UPDATE: ?Philadelphia Inquirer? Publishing 3-D Ads and Photos ? But It?s Not a First

By: E&P Staff

For its Sunday June 13 edition, The Philadelphia Inquirer is publishing a section with 3-D photos and advertising that includes new-generation 3-D glasses.

The 3-D newspaper section will also appear online at philly.com the next day.

According to the Inquirer’s announcement Thursday, the section will include full-page 3-D photos and 3-D ads, including a front-page spadia ad from Best Buy.

“This is an innovative program that is integrating paper and online, and pushing the envelope in terms of the experience that newspapers are able to provide for readers,” Inquirer Publisher Brian P. Tierney said in a statement. “Most people associate 3-D with electronic media but the 3-D experience in newspaper revolutionizes the reader’s experience and engages them in yet another way.”

Each section will come with 3-D glasses. Unlike older 3-D technology these lens are clear. 3-D images appear normal without the glasses.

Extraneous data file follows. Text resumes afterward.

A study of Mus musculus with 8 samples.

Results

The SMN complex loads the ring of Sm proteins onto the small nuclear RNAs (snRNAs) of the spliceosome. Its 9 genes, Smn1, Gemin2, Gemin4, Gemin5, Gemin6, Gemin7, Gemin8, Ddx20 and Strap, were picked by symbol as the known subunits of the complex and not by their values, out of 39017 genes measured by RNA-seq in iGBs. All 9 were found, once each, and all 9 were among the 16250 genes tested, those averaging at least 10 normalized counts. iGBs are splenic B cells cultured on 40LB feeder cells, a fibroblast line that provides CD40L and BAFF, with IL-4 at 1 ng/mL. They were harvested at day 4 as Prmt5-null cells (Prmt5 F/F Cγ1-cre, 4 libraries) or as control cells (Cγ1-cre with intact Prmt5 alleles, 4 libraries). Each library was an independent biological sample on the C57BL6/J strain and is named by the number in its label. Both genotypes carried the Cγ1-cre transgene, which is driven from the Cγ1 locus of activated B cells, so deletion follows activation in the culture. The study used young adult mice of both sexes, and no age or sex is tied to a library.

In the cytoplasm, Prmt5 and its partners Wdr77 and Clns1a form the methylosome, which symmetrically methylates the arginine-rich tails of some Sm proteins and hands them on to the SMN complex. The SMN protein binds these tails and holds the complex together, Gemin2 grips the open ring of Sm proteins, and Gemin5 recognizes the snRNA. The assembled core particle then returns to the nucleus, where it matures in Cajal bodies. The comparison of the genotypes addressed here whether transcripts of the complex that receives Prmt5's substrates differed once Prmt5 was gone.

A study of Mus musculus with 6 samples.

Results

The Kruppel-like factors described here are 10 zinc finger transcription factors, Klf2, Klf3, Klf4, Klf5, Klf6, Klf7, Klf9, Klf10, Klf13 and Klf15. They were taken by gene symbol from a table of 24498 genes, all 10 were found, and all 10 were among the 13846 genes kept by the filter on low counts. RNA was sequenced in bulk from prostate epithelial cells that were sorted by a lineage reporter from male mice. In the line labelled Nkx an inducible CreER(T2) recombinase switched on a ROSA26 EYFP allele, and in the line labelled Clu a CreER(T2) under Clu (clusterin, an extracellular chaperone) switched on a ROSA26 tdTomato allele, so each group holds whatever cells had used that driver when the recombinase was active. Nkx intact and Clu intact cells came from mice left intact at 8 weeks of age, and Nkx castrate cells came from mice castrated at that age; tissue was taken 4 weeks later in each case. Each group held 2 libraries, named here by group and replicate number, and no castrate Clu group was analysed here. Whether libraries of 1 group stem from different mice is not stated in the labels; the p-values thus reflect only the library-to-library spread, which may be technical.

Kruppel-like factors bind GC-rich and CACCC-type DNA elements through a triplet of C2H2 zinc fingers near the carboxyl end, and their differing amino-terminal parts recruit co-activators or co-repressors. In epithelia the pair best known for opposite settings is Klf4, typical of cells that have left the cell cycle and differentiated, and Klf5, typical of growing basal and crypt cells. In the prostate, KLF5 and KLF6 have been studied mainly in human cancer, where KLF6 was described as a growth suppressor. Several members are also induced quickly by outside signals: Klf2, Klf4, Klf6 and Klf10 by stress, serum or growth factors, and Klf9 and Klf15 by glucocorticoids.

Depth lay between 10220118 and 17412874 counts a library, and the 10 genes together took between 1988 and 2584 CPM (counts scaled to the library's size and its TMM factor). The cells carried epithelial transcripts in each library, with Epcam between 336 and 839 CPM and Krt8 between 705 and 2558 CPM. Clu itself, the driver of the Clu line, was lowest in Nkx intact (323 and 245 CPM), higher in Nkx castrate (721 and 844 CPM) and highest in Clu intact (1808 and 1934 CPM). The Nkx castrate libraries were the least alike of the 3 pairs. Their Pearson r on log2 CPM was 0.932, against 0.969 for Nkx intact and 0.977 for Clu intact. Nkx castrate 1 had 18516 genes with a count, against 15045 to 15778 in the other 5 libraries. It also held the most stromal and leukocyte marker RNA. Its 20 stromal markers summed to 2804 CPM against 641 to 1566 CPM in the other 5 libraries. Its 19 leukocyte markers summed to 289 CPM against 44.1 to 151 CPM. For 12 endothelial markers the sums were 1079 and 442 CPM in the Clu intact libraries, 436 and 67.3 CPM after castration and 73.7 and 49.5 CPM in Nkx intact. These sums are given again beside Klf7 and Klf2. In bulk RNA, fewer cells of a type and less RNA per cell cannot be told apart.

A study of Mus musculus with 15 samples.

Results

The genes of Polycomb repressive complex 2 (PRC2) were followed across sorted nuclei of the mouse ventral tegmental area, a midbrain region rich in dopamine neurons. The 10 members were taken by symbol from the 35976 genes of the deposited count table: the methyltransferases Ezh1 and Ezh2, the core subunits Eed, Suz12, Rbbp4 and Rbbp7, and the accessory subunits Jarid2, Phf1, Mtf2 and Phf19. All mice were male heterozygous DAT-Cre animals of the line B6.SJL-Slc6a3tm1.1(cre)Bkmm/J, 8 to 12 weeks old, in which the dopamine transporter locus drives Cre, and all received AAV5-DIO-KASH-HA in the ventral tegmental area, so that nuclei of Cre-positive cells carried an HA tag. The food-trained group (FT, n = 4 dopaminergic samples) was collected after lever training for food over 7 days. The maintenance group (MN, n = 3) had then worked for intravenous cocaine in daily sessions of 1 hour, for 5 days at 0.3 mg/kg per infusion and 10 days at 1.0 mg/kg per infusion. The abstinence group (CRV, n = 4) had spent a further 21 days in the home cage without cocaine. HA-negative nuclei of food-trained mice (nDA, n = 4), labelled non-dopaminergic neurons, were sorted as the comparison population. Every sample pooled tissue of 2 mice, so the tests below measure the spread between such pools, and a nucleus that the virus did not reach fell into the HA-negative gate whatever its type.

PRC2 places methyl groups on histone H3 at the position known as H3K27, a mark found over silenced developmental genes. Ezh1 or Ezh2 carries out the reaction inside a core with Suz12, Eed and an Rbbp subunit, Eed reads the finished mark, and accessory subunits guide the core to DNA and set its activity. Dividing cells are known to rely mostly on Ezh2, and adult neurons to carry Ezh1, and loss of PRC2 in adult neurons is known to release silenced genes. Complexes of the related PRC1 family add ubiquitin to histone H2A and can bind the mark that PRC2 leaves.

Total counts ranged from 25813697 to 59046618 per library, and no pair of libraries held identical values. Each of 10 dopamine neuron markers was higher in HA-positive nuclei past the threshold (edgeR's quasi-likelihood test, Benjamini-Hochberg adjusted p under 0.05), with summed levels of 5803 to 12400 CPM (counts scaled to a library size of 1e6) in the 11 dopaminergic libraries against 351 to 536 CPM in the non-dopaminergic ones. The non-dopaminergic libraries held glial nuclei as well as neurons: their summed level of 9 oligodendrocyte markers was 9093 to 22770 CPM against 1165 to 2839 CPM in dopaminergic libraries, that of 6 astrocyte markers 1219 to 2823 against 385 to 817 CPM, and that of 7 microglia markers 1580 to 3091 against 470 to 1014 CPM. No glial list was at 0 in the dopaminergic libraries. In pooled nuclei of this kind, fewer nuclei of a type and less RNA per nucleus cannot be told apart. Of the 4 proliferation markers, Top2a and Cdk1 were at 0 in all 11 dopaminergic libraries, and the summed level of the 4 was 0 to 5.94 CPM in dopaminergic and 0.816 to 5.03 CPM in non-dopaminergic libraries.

Media Lab, which Philadelphia Newspapers launched in 2006, worked with advertisers to optimize the effect. “For the last four years our Media Lab team has accomplished numerous industry firsts, but their work on this 3-D section hits it out of the park,” Tierney said.

An earlier version of this story incorrectly reported the Inquirer would be the first U.S. newspaper to publish 3-D images. In fact, the Fort Worth (Texas) Star-Telegram published a 3-D section on April 1, 2004.

“It was a 20-page section with 10 pages of ads, which I thought was pretty good,” Star-Telegram Editor Jim Witt said Thursday. Witt said he got the idea from a Presstime article about a Canadian newspaper that had tried to produce a 3-D section live, with poor results. “We did ours as a preprint,” he said.

Despite raising $100,000 in revenue, the paper never got around to repeating the 3-D publication, Witt said.